Why did Disney change the rules?

Image: DisneyYou may wonder why this rules change only applies to resales. The answer is simple. Disney receives no money from resales purchases. Conversely, a buyer receives the same primary benefit of DVC membership from resales ownership. They get that ability to stay at Disney’s Deluxe resorts for “free,” using only their DVC points.

Disney must discourage potential customers from using the resales market whenever possible. Otherwise, they’d lose out on a tremendous amount of business. After all, Disney charges MUCH more for the same points purchased directly.

At the time of publication, a direct ownership interest in DVC costs roughly $50 more per point and sometimes much more. You’ll pay thousands of dollars more for a direct contract than one bought on the resales market. Savvy shoppers know that buying directly borders on a waste of money.

Disney changes the DVC program rules on occasion to alter this perception. They provide more benefits to direct members while eliminating them for resales buyers. It’s annoying and causes the latter group to feel like second-class citizens in the DVC program.

Does Disney have something else in mind?

Image: DisneySome speculation suggests that the Riviera and Reflections could become part of a new group, a kind of DVC 2.0. While I believe people are getting ahead of themselves on this point, I’ll quickly explain the concept.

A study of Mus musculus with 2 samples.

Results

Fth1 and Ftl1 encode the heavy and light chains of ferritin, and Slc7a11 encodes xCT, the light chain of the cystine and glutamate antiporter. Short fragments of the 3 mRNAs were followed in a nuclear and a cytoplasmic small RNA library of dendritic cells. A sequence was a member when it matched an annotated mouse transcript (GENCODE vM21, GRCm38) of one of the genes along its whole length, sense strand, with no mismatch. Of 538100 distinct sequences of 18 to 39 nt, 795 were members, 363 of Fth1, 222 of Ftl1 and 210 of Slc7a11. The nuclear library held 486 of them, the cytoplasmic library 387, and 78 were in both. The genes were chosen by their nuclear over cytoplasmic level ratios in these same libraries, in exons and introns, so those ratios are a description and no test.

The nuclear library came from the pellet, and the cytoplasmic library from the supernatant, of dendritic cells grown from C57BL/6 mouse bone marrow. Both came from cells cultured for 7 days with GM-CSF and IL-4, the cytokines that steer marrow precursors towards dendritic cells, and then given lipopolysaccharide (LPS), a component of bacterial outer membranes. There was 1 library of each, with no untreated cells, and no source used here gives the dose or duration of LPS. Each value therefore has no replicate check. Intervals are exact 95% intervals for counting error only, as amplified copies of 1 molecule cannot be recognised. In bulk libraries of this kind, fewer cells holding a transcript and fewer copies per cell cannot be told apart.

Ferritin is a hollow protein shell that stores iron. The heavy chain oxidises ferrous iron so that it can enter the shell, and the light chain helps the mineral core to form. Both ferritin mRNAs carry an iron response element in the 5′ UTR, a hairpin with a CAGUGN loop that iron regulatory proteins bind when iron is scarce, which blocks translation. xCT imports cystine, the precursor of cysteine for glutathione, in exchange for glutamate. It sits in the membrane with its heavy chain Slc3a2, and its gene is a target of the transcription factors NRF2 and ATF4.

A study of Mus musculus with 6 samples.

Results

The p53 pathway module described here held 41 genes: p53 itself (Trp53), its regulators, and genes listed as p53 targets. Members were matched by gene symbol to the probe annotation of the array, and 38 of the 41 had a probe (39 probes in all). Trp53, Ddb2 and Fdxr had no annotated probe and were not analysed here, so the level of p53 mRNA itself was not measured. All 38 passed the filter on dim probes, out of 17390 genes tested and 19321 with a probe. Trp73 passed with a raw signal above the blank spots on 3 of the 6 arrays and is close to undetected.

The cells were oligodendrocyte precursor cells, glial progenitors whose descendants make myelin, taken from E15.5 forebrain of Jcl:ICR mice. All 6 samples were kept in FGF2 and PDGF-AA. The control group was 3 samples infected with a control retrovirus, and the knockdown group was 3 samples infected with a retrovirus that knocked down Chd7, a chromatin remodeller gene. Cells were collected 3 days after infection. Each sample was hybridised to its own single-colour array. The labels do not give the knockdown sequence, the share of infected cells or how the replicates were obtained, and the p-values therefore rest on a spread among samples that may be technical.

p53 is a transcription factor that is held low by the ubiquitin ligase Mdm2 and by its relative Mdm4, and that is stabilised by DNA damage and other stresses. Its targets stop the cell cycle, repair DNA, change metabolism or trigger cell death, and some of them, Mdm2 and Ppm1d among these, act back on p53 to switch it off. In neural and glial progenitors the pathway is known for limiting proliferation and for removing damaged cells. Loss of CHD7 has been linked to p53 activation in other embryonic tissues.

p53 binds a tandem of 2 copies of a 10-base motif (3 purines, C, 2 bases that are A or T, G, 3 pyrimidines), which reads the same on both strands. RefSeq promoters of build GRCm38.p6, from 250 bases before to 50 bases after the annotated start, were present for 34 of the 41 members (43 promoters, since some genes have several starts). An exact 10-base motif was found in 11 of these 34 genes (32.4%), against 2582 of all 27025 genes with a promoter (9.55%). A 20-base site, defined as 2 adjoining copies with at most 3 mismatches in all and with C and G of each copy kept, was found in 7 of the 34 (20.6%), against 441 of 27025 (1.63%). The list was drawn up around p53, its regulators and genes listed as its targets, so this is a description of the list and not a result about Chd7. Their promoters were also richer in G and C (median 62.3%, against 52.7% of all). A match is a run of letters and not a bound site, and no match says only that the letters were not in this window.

Many timeshares have changed over time, devaluing the membership benefits of longtime members. They’ve created a second class of their timeshare program, preventing early joiners from benefiting from the introduction of newer resorts. It’s a shady practice, the kind that gives timeshares such a terrible reputation.

Over the years, Disney has eschewed any and all connections to standard timeshares. Their sales agents aren’t even allowed to describe DVC as a timeshare due to the negative stigma attached to that word. Hopefully, the fears of a DVC 2.0 are unfounded for this reason.

Image: DisneyOtherwise, Disney’s done precisely what low-class timeshares are prone to do, reducing the quality of membership for long-term members. It’s something to watch carefully in the coming months and years. We likely won’t know for sure until Reflections opens in 2022.

In the interim, this is a terrible look for Disney. They’ve just damaged the perceived DVC value of the Riviera before it even opens. They’ve also left a sour taste in the mouths of hundreds of thousands of DVC members, many of whom purchased via direct resales.

Disney’s gambit is a dangerous one that actively alienates loyal customers. It seems like an unforced error to me, something that looks good on a spreadsheet but has no positive outcome for a business.